Managing the psychological and social aspects of HIV/AIDS is as important as medical treatment in helping black women cope with the disease, a new research report shows.
Black women who are supported by nonprofit organizations are more likely to think of themselves as “living with the disease” rather than dying from it, and live longer than those who don’t have that support, according to the Northwestern University study.
“So I am trying to think of HIV as not just a medical condition that needs to be managed, but a social condition that needs to be managed,” said Celeste Watkins-Hayes, an assistant professor at Northwestern.
Her research is to be published in “Sex, Power and Taboo: Gender and HIV in the Caribbean and Beyond.”
Black women are the largest racial/ethnic group diagnosed with HIV in Chicago, according to a report released in November by the AIDS Foundation of Chicago. Citywide 79 percent of 316 women diagnosed with the disease in 2006 were black. Total HIV cases diagnosed that year, the most recent for which data is available, were 1,557.
Medical treatments and the social service safety net around HIV, especially in the Chicago area, play a crucial role in the life expectancy of women with HIV/AIDS, said Watkins-Hayes, an assistant professor of sociology and African American studies. But if the social services are under-resourced and receive less attention, she added, HIV may become less manageable as a chronic illness.
Chicago House, an HIV housing and services nonprofit on the Near North Side, helps clients manage the disease as more than a medical condition.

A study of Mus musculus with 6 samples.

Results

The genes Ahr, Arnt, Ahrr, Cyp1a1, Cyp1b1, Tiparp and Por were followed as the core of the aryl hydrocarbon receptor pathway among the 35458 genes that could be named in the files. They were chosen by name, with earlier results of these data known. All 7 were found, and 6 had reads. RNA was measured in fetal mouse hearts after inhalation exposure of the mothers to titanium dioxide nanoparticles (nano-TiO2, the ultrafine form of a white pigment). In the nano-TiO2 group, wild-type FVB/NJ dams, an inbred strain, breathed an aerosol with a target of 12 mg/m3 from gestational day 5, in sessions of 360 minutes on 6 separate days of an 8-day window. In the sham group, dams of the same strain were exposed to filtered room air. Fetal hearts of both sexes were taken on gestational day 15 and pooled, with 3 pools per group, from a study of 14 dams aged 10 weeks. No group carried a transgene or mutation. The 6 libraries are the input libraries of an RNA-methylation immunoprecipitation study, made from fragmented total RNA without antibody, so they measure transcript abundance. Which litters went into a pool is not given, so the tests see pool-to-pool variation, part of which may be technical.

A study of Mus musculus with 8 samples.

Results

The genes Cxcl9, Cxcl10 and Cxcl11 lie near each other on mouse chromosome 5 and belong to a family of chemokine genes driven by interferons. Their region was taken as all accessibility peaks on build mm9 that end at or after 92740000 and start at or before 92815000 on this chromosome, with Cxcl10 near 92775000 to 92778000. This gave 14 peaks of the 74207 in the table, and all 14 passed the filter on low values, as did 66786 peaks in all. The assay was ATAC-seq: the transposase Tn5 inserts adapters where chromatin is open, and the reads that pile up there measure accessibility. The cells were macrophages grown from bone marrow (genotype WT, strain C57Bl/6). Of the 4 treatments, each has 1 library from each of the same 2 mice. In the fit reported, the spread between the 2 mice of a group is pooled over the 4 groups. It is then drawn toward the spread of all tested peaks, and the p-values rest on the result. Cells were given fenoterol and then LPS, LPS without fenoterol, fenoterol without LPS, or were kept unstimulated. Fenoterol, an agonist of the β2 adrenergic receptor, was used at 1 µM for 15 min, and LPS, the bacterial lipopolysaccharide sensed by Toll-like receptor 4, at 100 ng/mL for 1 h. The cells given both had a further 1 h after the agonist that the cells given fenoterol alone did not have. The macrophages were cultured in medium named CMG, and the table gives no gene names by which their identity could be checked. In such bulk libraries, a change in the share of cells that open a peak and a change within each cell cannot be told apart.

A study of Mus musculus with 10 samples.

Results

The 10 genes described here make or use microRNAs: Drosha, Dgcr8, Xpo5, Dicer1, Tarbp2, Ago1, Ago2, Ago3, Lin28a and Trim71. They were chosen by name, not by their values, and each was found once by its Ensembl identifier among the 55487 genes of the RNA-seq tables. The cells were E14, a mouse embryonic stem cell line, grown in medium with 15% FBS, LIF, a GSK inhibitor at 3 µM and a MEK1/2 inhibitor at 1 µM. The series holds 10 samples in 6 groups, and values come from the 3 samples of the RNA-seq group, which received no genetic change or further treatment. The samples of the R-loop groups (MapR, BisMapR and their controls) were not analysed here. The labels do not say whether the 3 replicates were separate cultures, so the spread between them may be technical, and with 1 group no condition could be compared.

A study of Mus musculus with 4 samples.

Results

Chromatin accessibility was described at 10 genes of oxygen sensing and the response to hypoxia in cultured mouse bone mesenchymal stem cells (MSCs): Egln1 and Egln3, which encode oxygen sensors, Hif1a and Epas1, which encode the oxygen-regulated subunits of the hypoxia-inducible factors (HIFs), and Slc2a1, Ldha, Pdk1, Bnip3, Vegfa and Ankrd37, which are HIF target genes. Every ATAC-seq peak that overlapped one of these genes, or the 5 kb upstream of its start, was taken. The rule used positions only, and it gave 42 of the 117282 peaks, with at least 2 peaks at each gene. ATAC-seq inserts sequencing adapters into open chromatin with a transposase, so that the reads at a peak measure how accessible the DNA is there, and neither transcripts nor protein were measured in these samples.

Judy Perlof, a program director for Chicago House, explained that clients use a range of social services in addition to preventive and medical programs, including case management, family support and housing services.
“Women we work with have multiple challenges,” she said. “Of course, there is the HIV/ AIDS illness, but then there is also limited employment, limited education, issues around mental health and substance abuse.”
Over time, Perlof added, women at Chicago House begin to look at their diagnoses as more of an unpredictable chronic illness instead of the death sentence it was once termed.
“I think they look at our program as the supports they need to get their lives back on track to become independent. However, I think there continues to be a lot of stigma and discrimination. I think that this program allows people to start learning how to live with HIV in an environment where they don’t have to hide their disease,” Perlof said. “That’s where all the supports come in, and then you can start moving beyond it.”
Watkins-Hayes stressed the importance for HIV nonprofits to not stigmatize clients, maintain their confidentiality, and offer necessary services when needed.
“The imperative for us is to keep thinking about, and talking about HIV to make sure that those institutions are not only resourced, but heavily resourced so women can continue to receive the networks they need to manage their health conditions,” she said.